The UK's Tax Freedom Day 2008 will fall on 2 June. That means that average Brits are spending more than five months of the year working for the Chancellor, rather than working for themselves. Last year's date turned out to be 4 June – later than forecast due to the slowing economy. But in fact Tax Freedom Day 2008 is only one day earlier, since this is a leap year. And the date assumes that the Chancellor is right about his growth forecasts – with less growth, the taxes take a larger share of our income.
While the tax burden is bad enough for average families, the tax paid by poor families has been doubled. Next month, the starting rate of income tax goes up from 10 percent to 20 percent. This means that people on the minimum wage will pay a tax rate of 31 percent (20 percent plus 11 percent National Insurance) on over half their income. Under the Adam Smith Institute's flat tax proposals, people on the minimum wage would pay no tax at all.
As usual, the Budget speech was significant for what the Chancellor did not say. He did not mention that government spending will soar to £600 billion this year – that's £10,000 for every man,woman and child, twice as much as in 1997. Is the average family of four really getting good value for the £40,000 it pays out? Is the state catching twice as many criminals, doubling educational achievement, or treating twice as many NHS patients? If the government sector had grown only in line with inflation, rather than far above it, taxpayers would be £200 billion better off – enough to abolish income tax, corporation tax, capital gains tax and inheritance tax.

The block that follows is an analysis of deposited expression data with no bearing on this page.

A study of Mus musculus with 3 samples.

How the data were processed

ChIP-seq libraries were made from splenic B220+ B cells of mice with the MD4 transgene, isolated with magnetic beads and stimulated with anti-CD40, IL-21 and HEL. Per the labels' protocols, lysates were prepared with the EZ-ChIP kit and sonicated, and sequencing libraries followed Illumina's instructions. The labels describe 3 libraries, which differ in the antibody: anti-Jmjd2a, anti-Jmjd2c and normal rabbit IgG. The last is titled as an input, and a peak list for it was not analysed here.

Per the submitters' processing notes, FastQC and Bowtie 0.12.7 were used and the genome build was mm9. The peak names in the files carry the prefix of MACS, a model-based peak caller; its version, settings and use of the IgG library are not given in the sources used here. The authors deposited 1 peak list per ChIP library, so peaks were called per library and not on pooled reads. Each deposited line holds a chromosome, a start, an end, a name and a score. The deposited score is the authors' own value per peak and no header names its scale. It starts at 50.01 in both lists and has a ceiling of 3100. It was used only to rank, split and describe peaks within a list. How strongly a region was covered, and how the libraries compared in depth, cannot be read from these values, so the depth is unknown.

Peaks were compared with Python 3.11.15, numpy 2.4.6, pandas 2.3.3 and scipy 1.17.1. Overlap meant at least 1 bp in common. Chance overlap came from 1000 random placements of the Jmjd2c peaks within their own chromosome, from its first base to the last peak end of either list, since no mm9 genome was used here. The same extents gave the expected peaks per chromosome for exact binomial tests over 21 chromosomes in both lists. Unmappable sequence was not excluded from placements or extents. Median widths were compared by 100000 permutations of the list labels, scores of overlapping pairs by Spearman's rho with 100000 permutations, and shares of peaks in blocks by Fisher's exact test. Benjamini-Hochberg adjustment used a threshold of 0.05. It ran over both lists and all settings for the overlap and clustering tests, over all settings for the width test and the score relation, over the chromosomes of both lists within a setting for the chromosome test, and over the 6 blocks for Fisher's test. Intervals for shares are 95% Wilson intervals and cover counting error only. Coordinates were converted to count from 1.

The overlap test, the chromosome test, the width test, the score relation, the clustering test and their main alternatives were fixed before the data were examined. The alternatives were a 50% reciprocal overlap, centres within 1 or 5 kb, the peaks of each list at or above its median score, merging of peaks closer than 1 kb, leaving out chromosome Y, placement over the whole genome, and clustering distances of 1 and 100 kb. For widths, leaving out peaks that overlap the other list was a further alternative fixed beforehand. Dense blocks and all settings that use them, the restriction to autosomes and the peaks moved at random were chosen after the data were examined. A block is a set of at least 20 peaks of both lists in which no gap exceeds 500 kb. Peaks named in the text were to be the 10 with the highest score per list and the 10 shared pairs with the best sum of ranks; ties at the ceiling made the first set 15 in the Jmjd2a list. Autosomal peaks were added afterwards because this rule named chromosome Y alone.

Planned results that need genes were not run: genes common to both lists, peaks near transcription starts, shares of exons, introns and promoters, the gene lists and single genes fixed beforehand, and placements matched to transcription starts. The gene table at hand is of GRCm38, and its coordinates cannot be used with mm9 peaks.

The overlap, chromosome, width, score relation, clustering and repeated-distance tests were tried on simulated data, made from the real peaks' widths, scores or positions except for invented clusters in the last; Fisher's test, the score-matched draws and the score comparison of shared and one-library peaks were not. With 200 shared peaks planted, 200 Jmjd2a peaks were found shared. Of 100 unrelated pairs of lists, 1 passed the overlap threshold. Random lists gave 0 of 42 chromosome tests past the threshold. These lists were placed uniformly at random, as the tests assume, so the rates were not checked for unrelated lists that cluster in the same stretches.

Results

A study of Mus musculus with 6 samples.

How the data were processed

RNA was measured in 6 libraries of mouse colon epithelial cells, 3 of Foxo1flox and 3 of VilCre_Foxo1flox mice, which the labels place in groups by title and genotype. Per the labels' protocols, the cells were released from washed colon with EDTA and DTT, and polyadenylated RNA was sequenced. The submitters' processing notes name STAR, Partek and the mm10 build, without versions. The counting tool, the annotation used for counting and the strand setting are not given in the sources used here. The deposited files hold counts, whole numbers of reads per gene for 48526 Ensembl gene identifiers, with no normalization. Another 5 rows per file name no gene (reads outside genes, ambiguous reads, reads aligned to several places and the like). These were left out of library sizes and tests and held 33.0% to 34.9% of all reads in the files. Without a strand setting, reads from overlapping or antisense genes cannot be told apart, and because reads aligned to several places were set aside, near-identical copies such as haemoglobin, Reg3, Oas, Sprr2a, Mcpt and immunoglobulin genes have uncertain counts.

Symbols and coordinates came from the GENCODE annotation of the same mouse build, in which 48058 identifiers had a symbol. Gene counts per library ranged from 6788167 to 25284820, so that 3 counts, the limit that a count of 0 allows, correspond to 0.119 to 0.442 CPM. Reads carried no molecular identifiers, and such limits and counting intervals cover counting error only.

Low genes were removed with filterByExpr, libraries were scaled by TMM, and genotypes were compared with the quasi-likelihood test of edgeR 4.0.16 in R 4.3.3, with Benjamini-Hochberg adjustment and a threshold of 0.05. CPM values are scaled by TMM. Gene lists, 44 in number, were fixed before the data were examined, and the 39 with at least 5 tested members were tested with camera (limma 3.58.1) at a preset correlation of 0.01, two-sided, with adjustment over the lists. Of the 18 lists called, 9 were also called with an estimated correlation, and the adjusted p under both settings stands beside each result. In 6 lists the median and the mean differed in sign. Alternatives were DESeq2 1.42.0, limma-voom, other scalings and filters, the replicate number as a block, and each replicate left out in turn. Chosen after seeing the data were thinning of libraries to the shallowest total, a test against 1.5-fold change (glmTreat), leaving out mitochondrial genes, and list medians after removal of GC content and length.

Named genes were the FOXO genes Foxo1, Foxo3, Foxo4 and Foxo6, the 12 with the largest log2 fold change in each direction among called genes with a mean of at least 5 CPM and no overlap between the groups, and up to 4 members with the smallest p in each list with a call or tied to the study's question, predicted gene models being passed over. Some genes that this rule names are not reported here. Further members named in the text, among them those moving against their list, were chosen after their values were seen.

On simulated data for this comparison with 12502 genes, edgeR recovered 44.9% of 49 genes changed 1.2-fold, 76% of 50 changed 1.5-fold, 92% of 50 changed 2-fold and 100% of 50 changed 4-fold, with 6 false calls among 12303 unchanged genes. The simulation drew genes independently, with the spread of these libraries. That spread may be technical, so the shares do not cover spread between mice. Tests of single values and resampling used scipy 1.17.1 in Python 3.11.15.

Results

Just think what that would do for our international competitiveness.
Now we have high taxes which make the UK uncompetitive. It used to be a very attractive place to locate, but now we have the seventh highest corporation tax in Europe. Our taxes on middle-class families are the OECD's highest. Combined with the increase in capital gains tax on entrepreneurs, and the assault on non-doms, Britain is now a much less attractive place in which to start and run a business. The Chancellor's growth forecasts overlook that. Tax Freedom Day may come later than he thinks.